Windows 10 includes a new feature called Windows Update Delivery Optimization that can download updates from other PCs instead of directly from Microsoft servers. This can be beneficial if you have multiple Windows 10 computers on your local network because it reduces the amount of data transfer on your Internet connection. After a Windows 10 PC downloads an update, it can share the update with other computers in your home instead of downloading additional copies over the Internet. This is an awesome new feature that can help users save bandwidth, especially those on metered or slow internet connections. But there is one aspect of this feature I wish Microsoft disabled by default.
On Windows 10 and Windows 10 Pro editions, the Windows Update Delivery Optimization feature is configured to share updates with PCs on your local network and with other computers on the Internet. That means your PC could be sharing Windows Updates to other people's Windows 10 PCs around the world, using your Internet Connection bandwidth.
Microsoft says Windows 10 automatically disables this feature if it detects or you designate a connection as metered. But how exactly does Windows accurately detect if a connection is billed based on usage? And how many of you with metered connections knew this feature even existed before reading this article and designated your connection as metered?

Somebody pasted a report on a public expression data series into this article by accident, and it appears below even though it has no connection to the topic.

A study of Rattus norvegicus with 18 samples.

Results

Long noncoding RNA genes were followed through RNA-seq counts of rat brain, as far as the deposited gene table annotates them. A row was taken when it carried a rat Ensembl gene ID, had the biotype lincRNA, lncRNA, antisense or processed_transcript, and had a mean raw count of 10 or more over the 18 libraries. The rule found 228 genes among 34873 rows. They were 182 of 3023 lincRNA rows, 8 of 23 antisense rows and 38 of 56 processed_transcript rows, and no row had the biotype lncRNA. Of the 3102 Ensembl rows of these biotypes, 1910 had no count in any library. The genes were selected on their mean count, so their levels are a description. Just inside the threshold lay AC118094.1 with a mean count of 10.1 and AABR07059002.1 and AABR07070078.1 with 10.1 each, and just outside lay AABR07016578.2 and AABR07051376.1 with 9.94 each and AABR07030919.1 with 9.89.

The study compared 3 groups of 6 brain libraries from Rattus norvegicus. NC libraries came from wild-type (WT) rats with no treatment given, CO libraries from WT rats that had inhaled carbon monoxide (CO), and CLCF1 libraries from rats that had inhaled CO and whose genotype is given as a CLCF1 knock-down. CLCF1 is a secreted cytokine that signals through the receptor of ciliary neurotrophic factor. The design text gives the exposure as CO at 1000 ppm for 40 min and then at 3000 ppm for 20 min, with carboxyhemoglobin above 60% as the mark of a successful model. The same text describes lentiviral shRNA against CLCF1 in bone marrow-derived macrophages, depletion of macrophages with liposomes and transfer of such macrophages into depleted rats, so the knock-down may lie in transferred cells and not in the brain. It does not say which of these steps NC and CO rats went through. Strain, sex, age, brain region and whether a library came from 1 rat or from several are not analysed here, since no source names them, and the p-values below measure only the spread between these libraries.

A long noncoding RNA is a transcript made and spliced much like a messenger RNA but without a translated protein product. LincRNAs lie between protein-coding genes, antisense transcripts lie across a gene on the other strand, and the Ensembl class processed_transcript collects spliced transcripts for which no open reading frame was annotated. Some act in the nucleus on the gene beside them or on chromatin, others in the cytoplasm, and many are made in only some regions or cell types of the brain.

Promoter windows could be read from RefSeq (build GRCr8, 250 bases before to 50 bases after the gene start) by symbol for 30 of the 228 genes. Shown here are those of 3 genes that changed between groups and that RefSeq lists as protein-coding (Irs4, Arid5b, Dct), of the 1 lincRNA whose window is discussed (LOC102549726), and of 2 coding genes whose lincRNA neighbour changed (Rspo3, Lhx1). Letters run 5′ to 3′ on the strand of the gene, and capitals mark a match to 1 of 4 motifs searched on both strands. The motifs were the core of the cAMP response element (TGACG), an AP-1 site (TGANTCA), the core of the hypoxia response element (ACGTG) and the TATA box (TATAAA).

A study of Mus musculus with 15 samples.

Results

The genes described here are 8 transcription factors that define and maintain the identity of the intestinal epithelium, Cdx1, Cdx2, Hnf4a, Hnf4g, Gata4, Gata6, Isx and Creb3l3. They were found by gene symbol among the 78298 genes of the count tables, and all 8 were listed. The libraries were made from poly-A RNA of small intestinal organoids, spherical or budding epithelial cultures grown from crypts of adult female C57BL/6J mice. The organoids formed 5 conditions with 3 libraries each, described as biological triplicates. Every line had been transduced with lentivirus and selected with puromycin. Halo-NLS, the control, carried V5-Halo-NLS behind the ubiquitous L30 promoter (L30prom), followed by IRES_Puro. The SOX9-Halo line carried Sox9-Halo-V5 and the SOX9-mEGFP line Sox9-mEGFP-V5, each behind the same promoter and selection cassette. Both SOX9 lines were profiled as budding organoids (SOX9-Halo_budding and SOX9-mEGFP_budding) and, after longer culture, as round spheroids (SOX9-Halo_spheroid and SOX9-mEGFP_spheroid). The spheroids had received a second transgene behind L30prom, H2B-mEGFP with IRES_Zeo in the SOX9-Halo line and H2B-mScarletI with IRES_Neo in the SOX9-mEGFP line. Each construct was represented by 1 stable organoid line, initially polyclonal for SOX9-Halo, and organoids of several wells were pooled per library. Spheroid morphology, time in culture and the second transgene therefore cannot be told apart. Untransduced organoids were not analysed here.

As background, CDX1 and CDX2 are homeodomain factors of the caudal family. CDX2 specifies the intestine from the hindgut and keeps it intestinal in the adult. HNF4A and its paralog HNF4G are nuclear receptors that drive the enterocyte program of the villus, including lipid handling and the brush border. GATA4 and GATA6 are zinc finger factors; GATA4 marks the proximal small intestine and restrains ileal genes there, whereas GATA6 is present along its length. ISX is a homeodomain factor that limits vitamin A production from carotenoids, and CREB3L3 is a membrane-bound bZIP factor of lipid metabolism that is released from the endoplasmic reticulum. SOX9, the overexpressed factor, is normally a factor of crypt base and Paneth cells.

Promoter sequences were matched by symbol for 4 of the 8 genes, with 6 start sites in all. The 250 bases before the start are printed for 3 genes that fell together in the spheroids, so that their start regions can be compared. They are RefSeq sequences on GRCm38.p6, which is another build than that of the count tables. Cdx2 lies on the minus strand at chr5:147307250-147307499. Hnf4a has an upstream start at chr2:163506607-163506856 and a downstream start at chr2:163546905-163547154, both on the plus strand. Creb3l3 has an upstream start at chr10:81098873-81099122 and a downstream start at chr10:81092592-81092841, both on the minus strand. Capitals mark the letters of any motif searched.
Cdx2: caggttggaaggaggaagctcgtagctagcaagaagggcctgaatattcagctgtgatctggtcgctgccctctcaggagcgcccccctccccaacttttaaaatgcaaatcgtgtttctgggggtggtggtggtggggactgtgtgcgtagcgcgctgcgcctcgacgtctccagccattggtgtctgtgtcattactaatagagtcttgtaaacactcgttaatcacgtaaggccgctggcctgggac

Users of Windows 10 Enterprise and Education have nothing to worry about as those editions have the sharing of updates over the Internet disabled by default. But most consumers run Windows 10 or Windows 10 Pro and must explicitly disable this feature by following these steps:
1. Click on the Start Button and type in Windows Update and hit Enter.
2. On the Windows Update screen, click on Advanced options.
3. Under Chose how updates are installed, click on Choose how updates are delivered.
4. Select PCs on my local network to ensure updates are only sent to your computers.
That's It! Now you can benefit from this awesome feature without the negative aspects.
If you would like to learn more about the Windows Update Delivery Optimization feature, check out the Microsoft FAQ.